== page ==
Editor’s note: The research for this voter profile analysis was underwritten by the Arkansas State Chamber of Commerce and the Electric Cooperatives of Arkansas.
Not only has the 2016 presidential election cycle deviated from the typical – or expected – script, but detailed analysis by ChamberLeads.com using Little Rock-based Acxiom consumer data shows unusual demographic trends for first time voters.
ChamberLeads.com, a subsidiary of the Conway Area Chamber of Commerce, analyzed 190,000 voters in Benton, Craighead, Pulaski and Sebastian counties who had voted in the March 2016 presidential primary and/or the 2014 and 2012 general elections. The voters were matched against Acxiom’s 240 million person consumer database. The results, provided exclusively to Talk Business & Politics, were numerous voter demographic details, including age, affluence, education, consumer habits, and first-time voter patterns.
By county, ChamberLeads.com looked at 80,000 voters in Pulaski County, 57,000 in Benton, 27,000 in Sebastian, and 20,000 in Craighead. In the four counties, the analysis included 3,800 first-time Republican primary voters and 2,200 first-time Democratic primary voters.
“The results were somewhat intuitive. Arkansas’s likeliest voters are much older, educated, affluent, whiter, and static than the average Arkansan. Those things are still true to a lesser degree when you compare likely voters to those who are registered but don’t vote,” noted the ChamberLeads.com analysis from Jamie Gates, executive vice president for the Conway Area Chamber of Commerce.
The analysis also noted: “The plurality of these ‘most reliable’ voters is eerily similar as we move from county to county. In short, likeliest voters around the state just aren’t that different from each other. The result is the ‘over representation’ of some demographic qualities like upper ages, incomes and education levels. That is, a higher percentage of those types households voting than you would find living in those same communities.”
• Not surprisingly, Benton County likely voters – who reside in one of the fastest growing U.S. metro areas – ranked highest among the four counties in terms of income, with 55% having a net worth of $250,000 or higher. Pulaski was second with 49%, followed by Craighead with 44% and Sebastian with 38%.
• Pulaski County has the most educated among the likely voter pool, with 51% having a bachelor’s degree or higher. Second is Craighead with 50%, Benton with 47% and Sebastian with 45%.
NEW VOTER ANALYSIS
The ChamberLeads.com report shows that the spring partisan primaries brought many new voters to the polls for the presidential primaries with some counties reporting up to half of those voters were first-time voters.
“There are many theories as to what caused this. Did the Trump and Sanders outsider campaigns motivate new people to engage? Did ‘celebrity’ style campaigning and coverage heighten awareness among the general electorate? In summary, did a disruptive campaign ‘flush out’ a voter who has previously been nothing more than an interested observer,” noted the analysis. “It’s possible that some or all of those dynamics were at work. What we do know is that first time voters weren’t simply an expansion of the traditional voting universe. The highest performing demographic sub-groups among first time voters in the primaries were almost absent as likely voters.”
A data review of the 6,000 first-time voters – 3,800 Republicans, 2,200 Democrats – showed that the new Democratic voters were younger (median age of 37 compared to 45 for Republican), but had a lower net worth and lower education level than the first-time Republican voters. Of the first-time voters, 39% of Republicans had a net worth of $250,000 or greater, well above the 25% for Democratic voters. Also, 30% of first-time Republican voters in the sample had a bachelor’s degree or higher, better than the 25% of Democratic voters.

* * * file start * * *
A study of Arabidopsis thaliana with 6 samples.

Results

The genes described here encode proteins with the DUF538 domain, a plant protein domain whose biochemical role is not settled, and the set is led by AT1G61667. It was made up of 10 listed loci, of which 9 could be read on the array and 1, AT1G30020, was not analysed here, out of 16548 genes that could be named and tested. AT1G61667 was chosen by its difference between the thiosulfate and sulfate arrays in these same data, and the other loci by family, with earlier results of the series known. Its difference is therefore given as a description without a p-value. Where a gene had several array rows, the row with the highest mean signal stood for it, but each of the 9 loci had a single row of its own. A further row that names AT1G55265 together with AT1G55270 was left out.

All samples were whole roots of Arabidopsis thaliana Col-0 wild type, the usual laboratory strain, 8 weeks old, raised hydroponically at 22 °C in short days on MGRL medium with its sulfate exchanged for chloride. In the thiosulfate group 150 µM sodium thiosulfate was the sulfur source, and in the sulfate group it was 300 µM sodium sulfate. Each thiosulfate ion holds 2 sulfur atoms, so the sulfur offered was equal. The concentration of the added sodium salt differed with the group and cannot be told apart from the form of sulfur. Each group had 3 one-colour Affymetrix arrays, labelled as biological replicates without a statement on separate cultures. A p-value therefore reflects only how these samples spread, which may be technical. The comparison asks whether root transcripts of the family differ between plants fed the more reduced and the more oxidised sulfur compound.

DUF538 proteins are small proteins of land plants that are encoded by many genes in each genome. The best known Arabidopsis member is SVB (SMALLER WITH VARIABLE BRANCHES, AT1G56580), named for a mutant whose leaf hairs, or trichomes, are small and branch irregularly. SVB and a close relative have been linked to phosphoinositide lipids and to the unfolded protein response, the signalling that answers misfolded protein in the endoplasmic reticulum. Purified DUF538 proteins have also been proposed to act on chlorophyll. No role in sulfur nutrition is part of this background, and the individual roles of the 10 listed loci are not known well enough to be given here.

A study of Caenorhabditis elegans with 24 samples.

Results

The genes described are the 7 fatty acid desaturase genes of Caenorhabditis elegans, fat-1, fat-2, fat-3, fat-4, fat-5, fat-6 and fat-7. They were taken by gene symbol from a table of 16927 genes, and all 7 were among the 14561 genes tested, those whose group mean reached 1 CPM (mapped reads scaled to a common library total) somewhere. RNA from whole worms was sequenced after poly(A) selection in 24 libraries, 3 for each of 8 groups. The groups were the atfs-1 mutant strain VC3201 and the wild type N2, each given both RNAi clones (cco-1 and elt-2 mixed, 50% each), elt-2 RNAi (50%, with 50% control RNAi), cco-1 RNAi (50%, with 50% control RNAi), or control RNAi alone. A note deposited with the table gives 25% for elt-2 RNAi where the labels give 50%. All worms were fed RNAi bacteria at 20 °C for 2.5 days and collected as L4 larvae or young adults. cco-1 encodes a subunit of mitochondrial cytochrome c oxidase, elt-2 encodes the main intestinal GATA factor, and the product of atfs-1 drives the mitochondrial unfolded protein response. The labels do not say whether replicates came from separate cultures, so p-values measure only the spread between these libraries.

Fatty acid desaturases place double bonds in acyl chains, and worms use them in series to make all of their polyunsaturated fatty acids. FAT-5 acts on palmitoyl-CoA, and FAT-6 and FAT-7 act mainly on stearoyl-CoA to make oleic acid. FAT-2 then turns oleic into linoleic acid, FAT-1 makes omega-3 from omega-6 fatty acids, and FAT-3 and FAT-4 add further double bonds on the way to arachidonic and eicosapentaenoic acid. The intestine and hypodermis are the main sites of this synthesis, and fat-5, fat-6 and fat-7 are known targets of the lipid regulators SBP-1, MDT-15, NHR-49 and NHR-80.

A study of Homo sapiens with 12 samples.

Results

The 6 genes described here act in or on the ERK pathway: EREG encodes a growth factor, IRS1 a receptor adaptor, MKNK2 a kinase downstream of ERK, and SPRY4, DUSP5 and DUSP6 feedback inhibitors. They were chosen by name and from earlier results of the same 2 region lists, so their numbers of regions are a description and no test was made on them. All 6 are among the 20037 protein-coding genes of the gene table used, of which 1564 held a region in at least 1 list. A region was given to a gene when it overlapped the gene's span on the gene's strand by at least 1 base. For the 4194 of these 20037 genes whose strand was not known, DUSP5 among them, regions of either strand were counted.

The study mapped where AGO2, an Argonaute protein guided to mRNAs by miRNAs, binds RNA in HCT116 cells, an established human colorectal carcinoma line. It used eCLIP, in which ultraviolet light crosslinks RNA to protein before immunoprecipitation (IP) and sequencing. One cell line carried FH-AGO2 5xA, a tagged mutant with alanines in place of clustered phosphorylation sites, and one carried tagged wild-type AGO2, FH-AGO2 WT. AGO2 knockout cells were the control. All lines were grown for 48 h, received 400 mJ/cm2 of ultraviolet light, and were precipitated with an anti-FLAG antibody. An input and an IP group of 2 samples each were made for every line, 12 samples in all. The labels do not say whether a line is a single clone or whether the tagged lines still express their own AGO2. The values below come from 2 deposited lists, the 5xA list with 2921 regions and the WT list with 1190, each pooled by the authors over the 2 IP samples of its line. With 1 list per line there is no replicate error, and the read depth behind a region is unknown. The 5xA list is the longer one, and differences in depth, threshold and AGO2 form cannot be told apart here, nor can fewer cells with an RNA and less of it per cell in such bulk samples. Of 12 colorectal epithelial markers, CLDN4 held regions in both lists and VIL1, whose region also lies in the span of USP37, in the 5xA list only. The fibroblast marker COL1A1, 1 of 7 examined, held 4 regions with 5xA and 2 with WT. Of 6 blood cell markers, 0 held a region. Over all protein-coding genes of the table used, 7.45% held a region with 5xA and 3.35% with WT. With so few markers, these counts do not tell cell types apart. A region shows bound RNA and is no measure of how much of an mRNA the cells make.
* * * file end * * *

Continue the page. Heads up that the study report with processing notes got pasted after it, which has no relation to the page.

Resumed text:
Following are some of the highlights of first-time voter analysis:
• First-time Republican voters were 20% more likely to be male. The genders were equally represented among all other voter groups.
• Likelihood of voting did not increase with net worth for first-time Democratic voters. But it did with all other voter groups.
• Childless couples and singles in their mid-30s with a household income greater than $120,000 were over represented 2.4 times among Republican first-time voters. This same demographic was under represented by 10% in the “likely voter” population.
• High-income childless singles in their late 20s were over represented 2.1 times among Democratic first-time voters. That same demographic was under represented by 50% in the “likely voter” population.
The summary of the voter data, according to Gates, indicates that new voters are not a “demographic mirror of some cartoonish rally attendee.”
“In fact, their higher than average income or education is fueling their likelihood of voting,” noted the analysis summary. “The data does confirm some of the standard national narratives and conventional wisdom. Unconventional candidates are visibly attracting not only new voters, but a new type of voter.”
Gates also provided a warning for pundits, pollsters, and campaign managers based upon the data.
“New voters at the polls means new models are required for any successful candidate and cause on the ballot. Assumptions built on old models and polling are still meaningful but they will apply to a smaller percentage of the electorate. The models are even shakier as you look down the ticket,” he said. “It’s likely that there is a new type of voter coming to the polls this fall. Candidates, campaigns and causes must rely on more than voting history and a few data points to accurately predict who they are.”